Trump’s talk of “patriotic education” draws critics

Local residents say to watch out for coded language and recognize those who side with educational equity.

In a White House conference speech on American history, Trump said the commission will encourage educators to teach children about “the miracle of American history” and make plans to honor the 250th anniversary of the nation in 2026.

NPR reported that his new push is a direct response against demands for schools to teach more balanced American history, including the real story of slavery and the impacts of systematic racism. Particularly, he called out the New York Times’ “1619 Project.” The collection of essays launched last August to coincide with the 400th anniversary since the first ship with enslaved Africans arrived on America’s shores.

“The left has warped, distorted and defiled the American story with deceptions, falsehoods and lies,” Trump said during the Sept. 17 speech at the National Archives Museum. “There’s no better example than the New York Times’ totally discredited 1619 Project.”

It’s important to note that the federal government has no jurisdiction over schools’ curriculum.


Past commissions were created to build awareness of historical events, like when the 1973 Congress established the American Revolution Bicentennial Administration. However, Trump is accused of using coded language and dog-whistle terms to ignite racist views of his base. 

Critics responded to his initiative comparing it to the way Adolf Hitler indoctrinated youth of Nazi Germany. “Trump Youth” and “Hitler Youth” trended on Twitter following his speech.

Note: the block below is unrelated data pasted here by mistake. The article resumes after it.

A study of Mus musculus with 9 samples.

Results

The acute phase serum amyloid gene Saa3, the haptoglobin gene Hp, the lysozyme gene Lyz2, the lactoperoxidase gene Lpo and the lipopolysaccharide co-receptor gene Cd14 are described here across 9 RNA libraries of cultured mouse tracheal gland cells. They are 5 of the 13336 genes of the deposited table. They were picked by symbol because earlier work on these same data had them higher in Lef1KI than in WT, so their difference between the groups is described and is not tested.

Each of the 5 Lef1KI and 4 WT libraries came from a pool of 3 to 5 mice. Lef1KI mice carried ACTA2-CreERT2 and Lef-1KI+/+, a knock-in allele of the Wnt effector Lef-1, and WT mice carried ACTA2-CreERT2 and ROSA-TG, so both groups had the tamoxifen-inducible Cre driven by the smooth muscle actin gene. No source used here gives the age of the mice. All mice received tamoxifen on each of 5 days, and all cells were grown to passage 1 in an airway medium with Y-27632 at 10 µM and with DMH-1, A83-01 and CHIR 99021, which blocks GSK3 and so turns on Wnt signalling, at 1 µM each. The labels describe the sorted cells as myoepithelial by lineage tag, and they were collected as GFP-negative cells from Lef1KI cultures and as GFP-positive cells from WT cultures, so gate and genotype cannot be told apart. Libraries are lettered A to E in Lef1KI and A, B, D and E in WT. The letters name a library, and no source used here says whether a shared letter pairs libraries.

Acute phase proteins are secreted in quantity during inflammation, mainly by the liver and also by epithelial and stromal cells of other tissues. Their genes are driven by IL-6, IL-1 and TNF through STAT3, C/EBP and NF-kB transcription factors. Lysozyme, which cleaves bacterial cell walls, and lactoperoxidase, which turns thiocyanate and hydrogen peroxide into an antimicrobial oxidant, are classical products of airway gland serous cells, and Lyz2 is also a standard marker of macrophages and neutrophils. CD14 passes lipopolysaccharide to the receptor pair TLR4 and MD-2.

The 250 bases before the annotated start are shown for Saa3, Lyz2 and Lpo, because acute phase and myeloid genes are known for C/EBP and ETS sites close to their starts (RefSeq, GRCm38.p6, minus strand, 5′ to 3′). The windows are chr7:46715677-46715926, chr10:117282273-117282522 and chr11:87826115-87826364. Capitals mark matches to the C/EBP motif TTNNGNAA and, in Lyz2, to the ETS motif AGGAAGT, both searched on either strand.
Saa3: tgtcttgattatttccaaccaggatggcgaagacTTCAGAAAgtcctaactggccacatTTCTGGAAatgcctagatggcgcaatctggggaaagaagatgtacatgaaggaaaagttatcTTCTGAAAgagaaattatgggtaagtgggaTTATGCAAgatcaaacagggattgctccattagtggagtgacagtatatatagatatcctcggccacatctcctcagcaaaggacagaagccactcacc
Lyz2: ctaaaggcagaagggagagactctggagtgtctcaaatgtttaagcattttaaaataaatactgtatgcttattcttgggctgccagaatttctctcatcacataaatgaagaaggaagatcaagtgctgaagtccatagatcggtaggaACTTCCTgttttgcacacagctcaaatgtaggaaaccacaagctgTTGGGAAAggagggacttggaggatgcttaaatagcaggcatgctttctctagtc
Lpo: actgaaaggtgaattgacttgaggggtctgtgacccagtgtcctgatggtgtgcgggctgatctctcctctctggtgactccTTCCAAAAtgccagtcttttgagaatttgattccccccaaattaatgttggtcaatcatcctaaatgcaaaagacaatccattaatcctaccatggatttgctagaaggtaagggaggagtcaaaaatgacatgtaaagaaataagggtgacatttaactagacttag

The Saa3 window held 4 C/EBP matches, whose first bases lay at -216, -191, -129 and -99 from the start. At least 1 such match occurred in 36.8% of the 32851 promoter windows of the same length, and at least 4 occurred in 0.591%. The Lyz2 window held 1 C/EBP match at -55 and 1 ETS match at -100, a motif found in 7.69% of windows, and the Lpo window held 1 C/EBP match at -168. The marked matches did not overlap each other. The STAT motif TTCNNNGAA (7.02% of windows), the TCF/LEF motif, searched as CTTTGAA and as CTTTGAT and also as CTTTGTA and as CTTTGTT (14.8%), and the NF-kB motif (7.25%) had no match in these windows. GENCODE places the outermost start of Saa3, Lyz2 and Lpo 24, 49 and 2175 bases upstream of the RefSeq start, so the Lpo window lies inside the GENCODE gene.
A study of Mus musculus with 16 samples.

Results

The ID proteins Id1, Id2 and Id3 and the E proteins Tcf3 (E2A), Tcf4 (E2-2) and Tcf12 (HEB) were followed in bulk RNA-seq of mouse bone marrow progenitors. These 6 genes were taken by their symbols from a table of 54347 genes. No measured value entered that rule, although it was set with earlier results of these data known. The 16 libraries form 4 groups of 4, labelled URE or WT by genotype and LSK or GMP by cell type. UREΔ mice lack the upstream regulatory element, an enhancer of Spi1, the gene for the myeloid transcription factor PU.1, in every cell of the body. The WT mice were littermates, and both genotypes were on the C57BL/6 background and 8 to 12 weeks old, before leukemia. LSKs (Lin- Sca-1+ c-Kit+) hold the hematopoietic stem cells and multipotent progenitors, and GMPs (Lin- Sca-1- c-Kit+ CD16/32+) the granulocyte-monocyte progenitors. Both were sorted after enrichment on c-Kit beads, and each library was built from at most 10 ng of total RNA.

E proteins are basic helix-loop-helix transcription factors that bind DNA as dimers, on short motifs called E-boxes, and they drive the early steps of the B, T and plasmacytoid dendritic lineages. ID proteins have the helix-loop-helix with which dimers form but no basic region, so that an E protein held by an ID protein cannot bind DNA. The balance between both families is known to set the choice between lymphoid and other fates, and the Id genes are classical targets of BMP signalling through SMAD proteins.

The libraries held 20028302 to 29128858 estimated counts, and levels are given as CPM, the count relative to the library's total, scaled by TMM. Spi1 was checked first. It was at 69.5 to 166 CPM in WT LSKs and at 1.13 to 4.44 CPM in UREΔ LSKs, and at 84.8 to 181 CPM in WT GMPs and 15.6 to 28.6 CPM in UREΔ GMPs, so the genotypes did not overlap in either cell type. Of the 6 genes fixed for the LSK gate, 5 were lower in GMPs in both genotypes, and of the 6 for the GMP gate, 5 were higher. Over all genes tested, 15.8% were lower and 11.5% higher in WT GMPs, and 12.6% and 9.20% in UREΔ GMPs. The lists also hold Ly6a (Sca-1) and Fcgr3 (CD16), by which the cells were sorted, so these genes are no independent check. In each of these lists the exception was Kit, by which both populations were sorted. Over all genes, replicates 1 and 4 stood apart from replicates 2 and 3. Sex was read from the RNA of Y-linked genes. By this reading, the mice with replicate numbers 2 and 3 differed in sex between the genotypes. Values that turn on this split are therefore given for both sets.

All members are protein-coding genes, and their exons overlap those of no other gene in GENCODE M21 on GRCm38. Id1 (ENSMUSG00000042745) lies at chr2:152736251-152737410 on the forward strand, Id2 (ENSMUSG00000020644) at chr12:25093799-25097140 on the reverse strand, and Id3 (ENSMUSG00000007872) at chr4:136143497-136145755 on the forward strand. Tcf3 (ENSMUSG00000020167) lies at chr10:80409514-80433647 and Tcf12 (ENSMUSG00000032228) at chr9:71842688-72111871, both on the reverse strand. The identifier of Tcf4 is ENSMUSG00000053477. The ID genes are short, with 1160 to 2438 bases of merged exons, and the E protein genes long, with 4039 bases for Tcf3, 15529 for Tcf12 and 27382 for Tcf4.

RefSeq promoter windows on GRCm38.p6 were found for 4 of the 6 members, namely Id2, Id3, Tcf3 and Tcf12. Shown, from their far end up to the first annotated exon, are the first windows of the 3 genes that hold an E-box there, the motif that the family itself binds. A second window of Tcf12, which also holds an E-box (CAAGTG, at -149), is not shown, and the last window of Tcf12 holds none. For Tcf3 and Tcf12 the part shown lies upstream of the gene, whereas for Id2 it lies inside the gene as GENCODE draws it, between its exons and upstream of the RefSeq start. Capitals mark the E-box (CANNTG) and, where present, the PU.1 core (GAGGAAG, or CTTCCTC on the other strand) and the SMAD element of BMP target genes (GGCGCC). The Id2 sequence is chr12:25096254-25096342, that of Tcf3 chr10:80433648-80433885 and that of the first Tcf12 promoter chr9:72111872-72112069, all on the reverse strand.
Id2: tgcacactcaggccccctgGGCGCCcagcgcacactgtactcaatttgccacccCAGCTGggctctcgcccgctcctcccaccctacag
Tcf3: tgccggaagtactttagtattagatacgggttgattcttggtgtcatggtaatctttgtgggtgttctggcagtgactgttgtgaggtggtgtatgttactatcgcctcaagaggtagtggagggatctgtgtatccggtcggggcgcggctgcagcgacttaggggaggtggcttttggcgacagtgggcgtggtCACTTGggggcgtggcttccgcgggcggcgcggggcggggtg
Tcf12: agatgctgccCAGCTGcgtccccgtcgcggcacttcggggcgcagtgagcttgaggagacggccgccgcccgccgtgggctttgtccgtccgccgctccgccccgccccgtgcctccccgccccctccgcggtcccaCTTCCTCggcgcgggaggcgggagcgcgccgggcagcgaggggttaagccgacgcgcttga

Local reactions also rebuffed the president’s initiative.

James Ford, a former North Carolina Teacher of the Year, said seeing responses will be the test of which educators truly care about equity in education.

“We’re about to see who is really about this educational equity work. Easy to take stands when there’s no pressure. But with propaganda coming from the highest office, let’s see who (schools & districts) are truly are committed to anti-racism and culturally affirming practices,” Ford tweeted.

Community advocate Justin Perry pointed out that people should be aware of coded language used by the president.

“Why do I have a feeling that this curriculum centers the original Birth of A Nation as foundational? Y’all are gonna learn if you haven’t, patriotism = whiteness. I think we also got a sneak peak at ‘Murican curriculum Bingo if you want to get your kids on the Talent Development track!” Perry posted to Facebook.

Why do I have a feeling that this curriculum centers the original Birth of A Nation as foundational?Y’all are gonna…

Posted by Justin Perry on Friday, September 18, 2020

National voices also weighed in. Notably, Bernice King, daughter of Martin Luther King Jr., summed up how white supremacy plays a role in the conversation. She tweeted

“There is no teaching on the horrors and myriad of monstrous manifestations of white supremacy and racism that will be palatable to white supremacists and racists.”